Act 4, Scene I


So full of matter is our history,
Yet mix'd, I hope, with sweet variety,
The accidents not vulgar too, but rare,
And fit to be presented, that there wants
Room in this narrow stage, and time, to express,
In action to the life, our Dioclesian
In his full lustre: Yet, as the statuary,
That by the large size of Alcides' foot,
Guess'd at his whole proportion; so we hope
Your apprehensive judgments will conceive
Out of the shadow we can only shew,
How fair the body was; and will be pleased,
Out of your wonted goodness, to behold,
As in a silent mirror, what we cannot,
With fit conveniency of time allow'd
For such presentments, clothe in vocal sounds.
Yet with such art the subject is convey'd,
That every scene and passage shall be clear,
Even to the grossest understander here.
[Loud music.


Enter, at one door, DELPHIA and Ambassadors; they whisper together; they take an oath upon her hand; she circles them; kneeling with her magic rod; they rise and draw their swords. Enter, at the other door, DIOCLESIAN, CHAPINUS, MAXIMINIAN, NIGER, AURELIA, CASSANA, and Guard; CHARINUS and NIGER persuading AURELIA; she offers to embrace MAXIMINIAN; DIOCLESIAN draws his sword, keeps off MAXIMINIAN, turns to AURELIA, kneels to her, lays his sword at her feet; she scornfully turns away; DELPHIA gives a sign; the Ambassadors and Soldiers rush upon them, seize on AURELIA, CASSANA, CHARINUS, and MAXIMINIAN; DIOCLESIAN and others offer to rescue them; DELPHIA raises a mist. Exeunt Ambassadors and Prisoners, and the rest discontented.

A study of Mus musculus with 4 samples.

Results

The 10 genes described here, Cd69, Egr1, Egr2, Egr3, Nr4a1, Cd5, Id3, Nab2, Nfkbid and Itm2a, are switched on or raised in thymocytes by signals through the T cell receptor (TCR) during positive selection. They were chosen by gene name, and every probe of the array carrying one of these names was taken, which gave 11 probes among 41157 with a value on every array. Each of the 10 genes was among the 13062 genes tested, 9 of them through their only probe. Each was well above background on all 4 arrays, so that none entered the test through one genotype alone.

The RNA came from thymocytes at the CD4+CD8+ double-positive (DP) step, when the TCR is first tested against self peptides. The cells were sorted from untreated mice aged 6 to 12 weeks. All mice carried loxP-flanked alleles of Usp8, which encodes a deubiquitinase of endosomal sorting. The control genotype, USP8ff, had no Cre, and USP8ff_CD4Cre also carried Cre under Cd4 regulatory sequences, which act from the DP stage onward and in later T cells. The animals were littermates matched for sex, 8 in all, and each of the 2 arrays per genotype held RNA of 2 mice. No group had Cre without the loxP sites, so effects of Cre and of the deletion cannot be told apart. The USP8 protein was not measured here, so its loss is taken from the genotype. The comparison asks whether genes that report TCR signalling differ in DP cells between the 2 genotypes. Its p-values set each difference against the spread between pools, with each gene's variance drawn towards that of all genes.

The skilful Delphia finding, by sure proof,
The presence of Aurelia dimm'd the beauty
Of her Drusilla; and, in spite of charms,
The emperor her brother, great Charinus,
Still urged her to the love of Dioclesian,
Deals with the Persian Legates that were bound
For the ransom of Cassana, to remove
Aurelia, Maximinian, and Charinus,
Out of the sight of Rome; but takes their oaths
(In lieu of her assistance) that they shall not,
On any terms, when they were in their power,
Presume to touch their lives: This yielded to,
They lie in ambush for 'em. Dioclesian,
Still mad for fair Aurelia, that doted
As much on Maximinian, twice had kill'd him,
But that her frown restrained him: he pursues her
With all humility, but she continues
Proud and disdainful. The sign given by Delphia,
The Persians break through, and seize upon
Charinus and his sister, with Maximinian,
And free Cassana. For their speedy rescue,
Enraged Dioclesian draws his sword,
And bids his guard assist him: Then too weak
Had been all opposition and resistance
The Persians could have made against their fury,
If Delphia by her cunning had not raised
A foggy mist, which as a cloud conceal'd them,
Deceiving their pursuers. Now be pleased,
That your imaginations may help you
To think them safe in Persia, and Dioclesian
For this disaster circled round with sorrow,
Yet mindful of the wrong. Their future fortunes
We will present in action; and are bold,
In that which follows, that the most shall say,
'Twas well begun, but the end crown'd the play.